Foolish bottom line
Again, these numbers are not directly comparable, but they offer a rough-but-fair picture of where Citigroup Inc. (NYSE:C)p stands in relation to its counterparts when it comes to overseas operations. So what do these numbers say?
Citi takes in more of its total revenue from overseas operations than either B of A or JPMorgan, though the race with B of A is a much closer one. And Wells Fargo won’t even come to the starting block. If nothing else, these numbers show that Citigroup Inc. (NYSE:C) is as committed, if not more, than its peers to pushing beyond the limits of the United States in the search for growth and income.
And where else is continued growth for the big banks going to come from? The U.S. is a finite, mature market for many industries. It’s like the battle between The Coca-Cola Company (NYSE:KO) and PepsiCo, Inc. (NYSE:PEP) for American consumers: in terms of market share, the two companies may trade a few percentage points back and forth from year to year, but room for true growth is limited. Hence, the real battles for these two cola giants are overseas, in developing markets. The same goes for banks.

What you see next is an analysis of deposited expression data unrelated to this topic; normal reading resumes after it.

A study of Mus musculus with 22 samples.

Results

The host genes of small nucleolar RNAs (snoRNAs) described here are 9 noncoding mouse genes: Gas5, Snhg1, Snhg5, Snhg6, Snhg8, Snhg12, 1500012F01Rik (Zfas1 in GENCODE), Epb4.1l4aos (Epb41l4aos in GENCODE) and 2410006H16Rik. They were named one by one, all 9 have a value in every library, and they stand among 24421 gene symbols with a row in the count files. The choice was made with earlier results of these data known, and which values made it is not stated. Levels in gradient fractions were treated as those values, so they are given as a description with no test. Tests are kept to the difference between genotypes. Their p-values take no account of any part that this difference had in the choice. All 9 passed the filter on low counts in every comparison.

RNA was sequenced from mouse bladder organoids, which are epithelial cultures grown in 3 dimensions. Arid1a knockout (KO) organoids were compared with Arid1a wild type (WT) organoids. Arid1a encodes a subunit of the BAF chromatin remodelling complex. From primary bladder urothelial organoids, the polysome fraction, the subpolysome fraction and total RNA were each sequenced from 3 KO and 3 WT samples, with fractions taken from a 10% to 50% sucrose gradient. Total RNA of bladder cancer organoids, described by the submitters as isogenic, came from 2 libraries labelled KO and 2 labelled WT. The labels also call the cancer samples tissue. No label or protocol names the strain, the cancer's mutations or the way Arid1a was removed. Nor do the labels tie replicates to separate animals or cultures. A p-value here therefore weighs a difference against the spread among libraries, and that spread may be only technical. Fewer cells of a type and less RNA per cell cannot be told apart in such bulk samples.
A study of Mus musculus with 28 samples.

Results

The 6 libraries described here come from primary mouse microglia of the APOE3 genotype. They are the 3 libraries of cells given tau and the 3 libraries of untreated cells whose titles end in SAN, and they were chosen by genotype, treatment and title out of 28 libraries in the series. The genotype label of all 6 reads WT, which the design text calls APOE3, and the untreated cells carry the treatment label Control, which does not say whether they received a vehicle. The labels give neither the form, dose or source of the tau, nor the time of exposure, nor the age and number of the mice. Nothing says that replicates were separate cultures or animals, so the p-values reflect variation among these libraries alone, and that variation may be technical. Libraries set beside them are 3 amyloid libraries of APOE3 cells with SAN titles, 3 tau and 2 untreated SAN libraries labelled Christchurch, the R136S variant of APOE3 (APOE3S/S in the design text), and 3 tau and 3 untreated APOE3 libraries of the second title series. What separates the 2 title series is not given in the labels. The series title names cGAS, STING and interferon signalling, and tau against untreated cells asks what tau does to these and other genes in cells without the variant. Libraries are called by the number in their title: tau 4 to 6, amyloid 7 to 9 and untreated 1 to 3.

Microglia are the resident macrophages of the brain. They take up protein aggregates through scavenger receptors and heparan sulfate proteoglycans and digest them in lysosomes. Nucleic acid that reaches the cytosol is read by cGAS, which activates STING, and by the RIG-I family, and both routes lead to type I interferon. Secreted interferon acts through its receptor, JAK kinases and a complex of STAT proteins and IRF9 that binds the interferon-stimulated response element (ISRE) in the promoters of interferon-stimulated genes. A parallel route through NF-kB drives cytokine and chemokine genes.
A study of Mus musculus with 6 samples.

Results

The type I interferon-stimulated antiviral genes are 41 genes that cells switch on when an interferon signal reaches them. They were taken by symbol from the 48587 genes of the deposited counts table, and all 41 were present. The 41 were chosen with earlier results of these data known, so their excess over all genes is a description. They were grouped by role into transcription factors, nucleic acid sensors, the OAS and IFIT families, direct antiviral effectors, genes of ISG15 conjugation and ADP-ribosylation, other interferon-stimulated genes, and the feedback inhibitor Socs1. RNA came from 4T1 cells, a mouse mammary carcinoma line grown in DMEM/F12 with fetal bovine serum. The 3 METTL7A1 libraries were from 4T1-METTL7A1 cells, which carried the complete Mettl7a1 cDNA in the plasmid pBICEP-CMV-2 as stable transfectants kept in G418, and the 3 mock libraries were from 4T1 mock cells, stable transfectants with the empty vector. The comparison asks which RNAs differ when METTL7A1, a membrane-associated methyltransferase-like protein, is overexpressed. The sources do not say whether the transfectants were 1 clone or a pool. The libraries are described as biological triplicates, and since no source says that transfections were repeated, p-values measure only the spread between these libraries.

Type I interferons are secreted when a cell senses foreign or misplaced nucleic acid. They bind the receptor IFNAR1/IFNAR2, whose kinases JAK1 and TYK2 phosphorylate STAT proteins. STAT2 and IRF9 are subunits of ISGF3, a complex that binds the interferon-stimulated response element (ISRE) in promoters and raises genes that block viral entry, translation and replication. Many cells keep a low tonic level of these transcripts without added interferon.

And what I think gives Citigroup Inc. (NYSE:C) the real edge here is the superbank’s CEO, Michael Corbat. Corbat did a stint as chief executive of Citi’s operations in Europe, Africa, and the Middle East. Who better to lead the global American bank but a globally aware and trained Citi lifer? Citi is perfectly positioned for revenue and income growth exactly where it needs to be: overseas. Wells Fargo, take note.
The article Where Will Citigroup’s Growth Come From? originally appeared on Fool.com.
Fool contributor John Grgurich owns shares of Citigroup and JPMorgan Chase. Follow John’s dispatches from the bleeding heart of capitalism on Twitter @TMFGrgurich. The Motley Fool recommends Bank of America, Coca-Cola, PepsiCo, and Wells Fargo. The Motley Fool owns shares of Bank of America, Citigroup, JPMorgan Chase, PepsiCo, and Wells Fargo.